TOUR OF THE MONTH
ON THIS DAY IN LONDON
16th October 1987 175-kph winds cause blackout in London, much of southern England
16th October 1959 Born today: Gary Kemp, London, rock guitarist (Spandau Ballet-True)
16th October 1958 The first episode of children's TV show Blue Peter is aired on Television.
16th October 1951 Born today: Daniel Gerroll, London, actor (Big Business)
16th October 1936 Actor Peter Bowles was born in London.
16th October 1927 Born today: Lee Montague, London England, actor (Uncle Sasha-Holocaust)
16th October 1925 Born today: Angela Lansbury, London England, actress (Jessica-Murder She Wrote)
16th October 1922 Happy birthday to entertainer Max Bygraves, born in Rotherhithe, East London.
16th October 1834 London parliament catches fire historic documents burn
George Wombwell's Menagerie
This is where Wombwell's infamous menagerie started life.
Location: Old Compton Street
Description: In 1804 George Wombwell opened a cobbling shop somewhere here (can anyone identify where exactly?) on Old Compton Street, which lasted until 1810.
Wombwell was short, stout and a heavy drinker and he nonetheless built up three hugely successful menageries from a starting point of two snakes bought at a bargain price. He put them on display here along with other exotic animals he imported.
In 1810 he founded the Wombwell's Travelling Menagerie and began to tour the fairs of Britain. By 1839 it totalled fifteen wagons. The menageries travelled the length and breadth of England and made him a wealthy man before his death in 1850.
Wombwell bred and raised many animals himself, including the first lion to be bred in captivity in Britain; he named it William in the honor of William Wallace. In 1825 Warwick, Wombwell arranged a Lion-baiting between his docile lion Nero and six bullmastiffs. Nero refused to fight but when Wombwell released Wiliam, he mauled the dogs and the fight was soon stopped.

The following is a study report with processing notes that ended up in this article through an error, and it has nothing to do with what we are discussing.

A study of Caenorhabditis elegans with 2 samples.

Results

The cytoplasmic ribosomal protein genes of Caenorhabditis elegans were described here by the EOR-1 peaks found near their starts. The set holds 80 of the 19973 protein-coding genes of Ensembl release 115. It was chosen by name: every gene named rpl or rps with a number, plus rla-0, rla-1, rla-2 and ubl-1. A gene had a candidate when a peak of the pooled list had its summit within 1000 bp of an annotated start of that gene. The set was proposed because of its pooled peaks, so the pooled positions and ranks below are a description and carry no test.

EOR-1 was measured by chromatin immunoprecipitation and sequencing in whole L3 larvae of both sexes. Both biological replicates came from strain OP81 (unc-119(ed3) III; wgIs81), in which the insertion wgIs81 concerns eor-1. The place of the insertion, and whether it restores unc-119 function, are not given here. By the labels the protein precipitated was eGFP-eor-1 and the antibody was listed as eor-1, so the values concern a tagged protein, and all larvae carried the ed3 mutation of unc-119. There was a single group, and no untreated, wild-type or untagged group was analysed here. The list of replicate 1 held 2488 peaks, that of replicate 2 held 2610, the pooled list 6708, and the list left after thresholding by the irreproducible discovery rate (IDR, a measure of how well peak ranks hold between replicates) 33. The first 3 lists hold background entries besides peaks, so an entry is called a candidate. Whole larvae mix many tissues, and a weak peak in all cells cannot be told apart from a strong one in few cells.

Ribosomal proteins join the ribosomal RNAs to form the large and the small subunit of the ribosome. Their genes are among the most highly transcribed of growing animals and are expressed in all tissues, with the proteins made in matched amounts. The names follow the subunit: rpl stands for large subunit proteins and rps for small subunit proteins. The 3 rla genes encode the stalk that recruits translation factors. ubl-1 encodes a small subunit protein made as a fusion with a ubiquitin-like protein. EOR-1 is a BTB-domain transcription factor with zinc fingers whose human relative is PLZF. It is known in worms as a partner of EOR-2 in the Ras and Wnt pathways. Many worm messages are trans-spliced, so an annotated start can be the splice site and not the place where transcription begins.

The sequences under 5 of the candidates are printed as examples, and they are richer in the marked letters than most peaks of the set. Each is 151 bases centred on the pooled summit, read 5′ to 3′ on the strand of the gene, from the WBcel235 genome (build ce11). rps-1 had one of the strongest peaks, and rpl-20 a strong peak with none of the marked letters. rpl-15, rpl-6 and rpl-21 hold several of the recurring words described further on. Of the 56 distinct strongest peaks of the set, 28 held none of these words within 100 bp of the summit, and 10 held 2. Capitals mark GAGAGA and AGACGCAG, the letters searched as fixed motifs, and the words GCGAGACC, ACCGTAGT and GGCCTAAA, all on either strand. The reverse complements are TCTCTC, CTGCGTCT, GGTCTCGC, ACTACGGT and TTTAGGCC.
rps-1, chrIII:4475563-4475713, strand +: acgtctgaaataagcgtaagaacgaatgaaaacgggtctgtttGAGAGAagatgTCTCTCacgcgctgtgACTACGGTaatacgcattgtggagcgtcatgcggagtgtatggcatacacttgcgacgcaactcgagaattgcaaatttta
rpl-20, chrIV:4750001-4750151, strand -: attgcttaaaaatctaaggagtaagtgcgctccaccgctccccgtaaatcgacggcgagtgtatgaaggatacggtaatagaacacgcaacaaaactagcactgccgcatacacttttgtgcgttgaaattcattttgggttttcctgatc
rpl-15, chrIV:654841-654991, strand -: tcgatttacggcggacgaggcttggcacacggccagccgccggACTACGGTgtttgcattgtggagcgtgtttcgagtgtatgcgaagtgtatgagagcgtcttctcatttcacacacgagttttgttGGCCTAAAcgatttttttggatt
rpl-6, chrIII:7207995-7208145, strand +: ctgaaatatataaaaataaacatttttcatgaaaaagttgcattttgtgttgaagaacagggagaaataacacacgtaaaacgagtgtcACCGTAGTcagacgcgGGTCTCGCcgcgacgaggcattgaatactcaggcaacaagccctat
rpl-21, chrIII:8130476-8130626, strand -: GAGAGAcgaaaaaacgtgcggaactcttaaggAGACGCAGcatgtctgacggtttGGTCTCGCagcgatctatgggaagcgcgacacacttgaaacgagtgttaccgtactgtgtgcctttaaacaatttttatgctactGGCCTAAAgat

He was buried in Highgate Cemetery, under a statue of his lion Nero.
From The Book of Days:
A shoemaker by trade, and keeping a shop in Soho, he happened one day to pay a visit to the London Docks, where he saw some of the first boa constrictors which had been imported into England. These reptiles had then no great favour with showmen, as much from fear as ignorance of the art of managing them, and their marketable value was consequently less than it afterwards became.
Wombwell purchased a pair for 75, and in the course of three weeks realized considerably more than that sum by their exhibition. He used afterwards to declare, that he entertained rather a partiality for the serpent tribe, as they had been the means of first opening his path to fame and fortune.